Going beyond prevention

Print edition : December 17, 2004

A counselling session for an AIDS patient at a government hospital in Chennai. - MANISH SWARUP/AP

THE incidence of HIV is rising in Tamil Nadu and the disease is manifesting itself in the form of various opportunistic infections. As the number of persons infected with HIV increases, it is vital to expand care and support services. The services range from medication, psycho-social support, clinical care, human rights education and legal support to helping the HIV-positive people create a network for themselves.

The awareness generated about HIV/AIDS by various APAC-affiliated non-governmental organisations plays a vital role in disseminating the messages. For instance, the target-population groups are beginning to accept the realities of the problem, shedding the stigma attached to the disease and are breaking their silence. There has thus been a rise in the reporting of HIV/AIDS cases in Tamil Nadu.

APAC has started community-based care and support projects in six high-prevalence districts of Tamil Nadu. This project is aimed at improving the quality of life of those tested positive by providing them with psycho-social support such as counselling and reducing the stigma attached to HIV/AIDS. Under the project, each person living with HIV/AIDS (PLHA) and his/her family is visited by an out-reach worker, a counsellor and an auxiliary nurse, who identify their health problems, stress levels and psychological needs and help them cope. They are also trained in self-care and are made aware of their rights. Linkages are established to various government and non-governmental agencies to provide economic support to the PLHAs.

The Tamil Nadu State AIDS Control Society (TNSACS), the first State AIDS society in the country, which was set up in 1991, supports institutions in providing clinical care to HIV-positive people. This is done through four NGOs in government and 12 private hospitals across the State. At these institutions the treatment for opportunistic infections is provided free.

In line with the World Health Organisation policy of providing anti-retroviral therapy (ART) to three million PLHAs by 2005, the TNSACS provides free ART at the Government Hospital for Thoracic Medicine, Tambaram (near Chennai) on a pilot basis. This is to be expanded to other hospitals soon. The TNSACS also sells ART at a subsidised rate at its pharmacy and provides free legal support to PLHAs.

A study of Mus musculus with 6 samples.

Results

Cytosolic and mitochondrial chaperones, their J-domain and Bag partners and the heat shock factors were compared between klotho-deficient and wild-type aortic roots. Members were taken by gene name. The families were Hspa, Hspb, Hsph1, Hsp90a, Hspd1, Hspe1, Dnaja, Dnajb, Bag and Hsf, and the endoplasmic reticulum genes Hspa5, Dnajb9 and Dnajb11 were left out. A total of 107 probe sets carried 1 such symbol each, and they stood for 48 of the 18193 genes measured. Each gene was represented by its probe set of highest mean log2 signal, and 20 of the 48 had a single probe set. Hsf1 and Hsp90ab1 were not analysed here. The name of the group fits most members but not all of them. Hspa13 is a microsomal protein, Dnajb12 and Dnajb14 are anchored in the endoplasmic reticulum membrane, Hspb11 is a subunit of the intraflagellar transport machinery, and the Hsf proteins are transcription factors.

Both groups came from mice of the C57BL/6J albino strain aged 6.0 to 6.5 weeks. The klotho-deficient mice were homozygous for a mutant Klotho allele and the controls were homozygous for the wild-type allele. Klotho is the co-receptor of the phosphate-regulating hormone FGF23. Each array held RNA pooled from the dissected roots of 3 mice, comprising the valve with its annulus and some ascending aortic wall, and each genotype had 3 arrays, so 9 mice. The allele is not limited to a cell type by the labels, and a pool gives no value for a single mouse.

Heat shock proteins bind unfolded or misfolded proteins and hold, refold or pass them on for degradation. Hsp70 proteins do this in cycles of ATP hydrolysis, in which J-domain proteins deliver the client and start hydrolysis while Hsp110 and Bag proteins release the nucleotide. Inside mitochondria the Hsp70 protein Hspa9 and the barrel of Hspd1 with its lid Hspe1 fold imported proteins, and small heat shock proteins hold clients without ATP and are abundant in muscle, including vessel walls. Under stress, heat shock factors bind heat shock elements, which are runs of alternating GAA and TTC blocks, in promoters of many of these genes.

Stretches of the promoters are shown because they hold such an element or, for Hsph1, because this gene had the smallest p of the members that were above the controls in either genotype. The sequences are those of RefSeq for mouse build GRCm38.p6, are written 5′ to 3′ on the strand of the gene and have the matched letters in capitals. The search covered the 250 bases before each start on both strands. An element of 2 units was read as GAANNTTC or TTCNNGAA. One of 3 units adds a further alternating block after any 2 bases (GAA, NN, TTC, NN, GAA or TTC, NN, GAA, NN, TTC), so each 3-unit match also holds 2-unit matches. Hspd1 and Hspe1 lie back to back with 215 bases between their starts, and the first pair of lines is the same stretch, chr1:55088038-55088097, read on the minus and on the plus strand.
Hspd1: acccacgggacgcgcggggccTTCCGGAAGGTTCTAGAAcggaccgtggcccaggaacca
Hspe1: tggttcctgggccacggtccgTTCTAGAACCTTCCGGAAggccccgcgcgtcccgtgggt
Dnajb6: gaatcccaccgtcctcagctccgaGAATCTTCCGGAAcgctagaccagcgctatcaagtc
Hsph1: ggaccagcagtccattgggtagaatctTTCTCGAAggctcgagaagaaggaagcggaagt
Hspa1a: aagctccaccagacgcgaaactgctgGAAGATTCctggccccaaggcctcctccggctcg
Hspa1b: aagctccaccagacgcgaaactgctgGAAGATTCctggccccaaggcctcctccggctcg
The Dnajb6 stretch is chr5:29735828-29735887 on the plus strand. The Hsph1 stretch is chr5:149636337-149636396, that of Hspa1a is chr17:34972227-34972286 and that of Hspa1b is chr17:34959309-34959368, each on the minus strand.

The voluntary testing and counselling centres (VCTC) are the entry point of care and support services. Besides information about HIV/AIDS and HIV testing, the VCTCs also provide pre- and post-test counselling. The entire process of VCTC is confidential. No information about the client is shared with anyone. The TNSACS operates 44 VCTCs from government medical college hospitals and district headquarters hospitals. The Chennai Corporation AIDS Prevention and Control Society (CAPACS) operates 12 VCTCs in the Chennai Corporation city limits. APAC plans to establish 30 mobile VCTCs all over the State, to be managed by the NGOs.

Most infections in children less than 15 years are transmitted from their mothers. Medical interventions during and after pregnancy can effectively prevent such transmissions. APAC has launched a programme to prevent mother-to-child transmission of the virus. Its objectives include preventing infections among women in the reproductive age, avoiding unnecessary pregnancy among HIV-positive women, and providing care and support to the mother and family. This programme is implemented in 65 centres in both government and private institutions, offering pre- and post-test counselling, free HIV testing, providing Nevirepine (a drug which prevents transmission) during delivery, and post-natal counselling and care. This programme, initiated in 2002, has counselled and tested over 6.25 lakh pregnant mothers, of whom 0.75 per cent tested positive for HIV.

With increasing awareness about HIV/AIDS, more HIV-positive people are coming into the open, forming networks and raising their voice for their rights. There are 30 such networks in Tamil Nadu. While 17 are registered and three are unregistered, 13 are supported by the TNSACS.

Over 20 medications have been approved by the United States Food Drug Administration to be used as anti-retrovirals in HIV medication. They are available in the market at varying costs. Although anti-retroviral drugs inhibit the multiplication of virus inside the human cell, they do not, irrespective of the dosage or the period of use, remove the virus from the human body.

The anti-retroviral is a double-edged weapon. If used correctly, it will reduce the viral load and hence lower the chances of opportunistic infections, and thereby raise the quality of life of the patient. But if it is or is used indiscriminately, it can lead to the development of drug-resistant strains that will not respond to the usual therapy.

Every infected person does not need ART. It is started only when the T4 lymphocyte count is below 200 or the viral load rises to more than 100,000 per ml of blood; only a qualified physician can decide on which patients need ART. The starting of ART could be delayed if the patient leads a healthy lifestyle - such as drinking boiled water, eating well boiled/cooked food and good nutritional supplements, and so on.